Finnish Ambassador Jukka Siukosaari and his family participated in the Tokyo Rainbow Pride (TRP) Parade on May 7 in the European Embassies' Group to show support for the LGBT community in Japan. A common booth for the five Nordic countries at the TRP venue next to Tokyo's Yoyogi Park gathered many visitors interested in LGBT progresses and tourism attractions in the Nordics.
It was a refreshing sunny day for the grand parade, one of the highlights of the Tokyo Rainbow Pride Week starting from the end of April. The European Ambassadors, the Embassy staff, their families and friends from 14 countries and the Delegation of the EU to Japan walked together for the first time in the Parade under the same banner. The group consisted of about 100 people waving national flags, walking the 3km route through bustling areas of Shibuya and Harajuku. The parade had a record number of participants of about 5000 this year, and many more waved rainbow flags cheering and shouting "happy pride!" alongside the streets.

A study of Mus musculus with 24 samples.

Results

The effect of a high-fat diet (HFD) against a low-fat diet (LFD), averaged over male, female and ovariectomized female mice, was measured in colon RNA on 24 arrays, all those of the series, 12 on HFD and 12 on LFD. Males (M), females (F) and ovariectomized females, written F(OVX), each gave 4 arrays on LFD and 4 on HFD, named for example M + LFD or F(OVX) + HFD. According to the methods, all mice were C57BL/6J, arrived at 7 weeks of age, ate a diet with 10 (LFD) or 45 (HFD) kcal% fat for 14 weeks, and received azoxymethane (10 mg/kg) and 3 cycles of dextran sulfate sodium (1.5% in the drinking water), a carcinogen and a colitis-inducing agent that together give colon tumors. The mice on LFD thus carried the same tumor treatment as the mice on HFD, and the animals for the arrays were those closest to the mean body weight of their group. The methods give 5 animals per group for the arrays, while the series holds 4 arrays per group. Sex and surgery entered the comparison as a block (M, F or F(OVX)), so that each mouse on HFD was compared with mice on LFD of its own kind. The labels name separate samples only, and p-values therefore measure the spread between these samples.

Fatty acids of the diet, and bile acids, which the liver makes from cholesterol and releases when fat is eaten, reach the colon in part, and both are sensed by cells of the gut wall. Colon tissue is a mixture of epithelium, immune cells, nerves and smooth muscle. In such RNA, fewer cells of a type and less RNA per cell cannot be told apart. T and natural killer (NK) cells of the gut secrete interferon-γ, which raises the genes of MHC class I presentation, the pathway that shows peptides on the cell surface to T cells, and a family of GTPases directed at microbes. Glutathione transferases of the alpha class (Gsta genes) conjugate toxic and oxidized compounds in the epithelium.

Icelandic Ambassador Hannes Heimisson emphasized the importance of "openness, tolerance and inclusion" in his speech at the TRP main stage after the parade, as a representative of participating European diplomats. The common belief that LGBT rights are human rights that transcend borders, and that everyone has the right to be who they want to be regardless of their background or origin was shared among the participants of the event. At the Nordic Booth staff representing the Embassies of Finland, Sweden, Denmark, Norway and Iceland - wearing common black T-shirts - explained about status and happenings related to sexual minorities in their countries for the visitors stopping by. This was the third year the Nordics had set up a common booth to participate the TRP event, taking place during the weekend of May 6-7 this year.
The Nordic countries have been global forerunners in implementing measures to ensure LGBT rights for their populations. In Finland the gender-neutral marriage legislation, permitting same-sex couples also to adopt children, started off as as a citizen's initiative and came into force on 1 March 2017. Over 800 couples married during the first month of the new legislation, although 770 of those were already registered civil partnerships.